AMD's Zen 4 I/O Die Shot Reveals A Fascinating Ryzen CCD Detail
Most of the details of the design and fabrication of microprocessors are not public. Major sources of information on these components are actually various analyses performed by enthusiasts using the detailed die shots released by Intel, NVIDIA, and AMD. One component we'd been lacking a die shot for was the cIOD, or "I/O die" on Zen 4 processors, but a slide from AMD's ISSCC presentation included exactly that.
Thankfully, despite his previous retirement, Locuza (@Locuza_ on Twitter) decided to annotate the detailed photo for us based on his expertise at doing exactly that for many chips in the past. There really aren't many big surprises here; the Zen 4 cIOD includes a single RDNA 2 WGP, just as we knew, and it includes four 40-bit DDR5 memory channels, again, just as we knew. (That's two 32-bit DDR5 data interfaces plus an extra 16 bits for ECC on each motherboard "channel.")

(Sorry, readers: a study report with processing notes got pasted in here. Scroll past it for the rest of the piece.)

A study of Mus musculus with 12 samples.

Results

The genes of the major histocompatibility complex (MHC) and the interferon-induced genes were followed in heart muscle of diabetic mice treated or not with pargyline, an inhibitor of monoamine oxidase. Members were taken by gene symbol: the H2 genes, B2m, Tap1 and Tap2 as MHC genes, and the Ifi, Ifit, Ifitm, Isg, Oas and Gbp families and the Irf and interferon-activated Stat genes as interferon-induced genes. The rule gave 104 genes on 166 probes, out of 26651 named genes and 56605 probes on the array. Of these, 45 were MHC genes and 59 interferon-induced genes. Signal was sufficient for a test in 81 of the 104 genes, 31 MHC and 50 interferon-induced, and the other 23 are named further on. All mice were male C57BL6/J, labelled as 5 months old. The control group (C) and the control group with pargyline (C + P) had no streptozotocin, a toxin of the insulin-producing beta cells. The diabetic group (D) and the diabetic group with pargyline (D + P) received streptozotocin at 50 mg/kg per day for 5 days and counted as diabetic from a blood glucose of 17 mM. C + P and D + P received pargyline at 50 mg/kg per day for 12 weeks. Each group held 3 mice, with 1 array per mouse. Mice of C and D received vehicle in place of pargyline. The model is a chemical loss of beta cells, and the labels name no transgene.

Die shot analysis by Locuza, die shot isolated by Li Jae-Yeon.
There are a few interesting details, though. First and foremost among them is that the chip really does only have two GMI3 ports. GMI3 is the interface used to connect the CCDs—the Core Complex Dice that host the Zen 4 cores—to the cIOD. That means that you couldn't use the extant cIOD to handle more than two CCDs, contrary to past rumors that AMD was pondering such a processor.
It's also notable that the Zen 4 cIOD really only has 28 PCIe 5 lanes, where previous generations had 32 lanes on-die but only 28 were active. This perhaps speaks to AMD's confidence in the maturity of the 6nm process that the cIODs are fabricated on.
The AMD ISSCC 2023 slide that contained the die shot.
Aside from that, the only other interesting detail is just how much space the graphics hardware takes up on the cIOD. While the single RDNA 2 WGP is quite small, there's still the display control block, the AMD VCN video codec block, and the audio DSP. In total, nearly half of the die is occupied by graphics and audio functions.
With this information at hand, it seems clear that if you want a desktop AMD CPU with more than 16 CPU cores, you're either going to have to snag a Threadripper or EPYC CPU, or simply wait for a later generation when AMD finally bumps the core count per CCD. That may happen with Zen 5, which is rumored to adopt a similar heterogenous processing approach to Intel's 12th- and 13th-generation Core processors.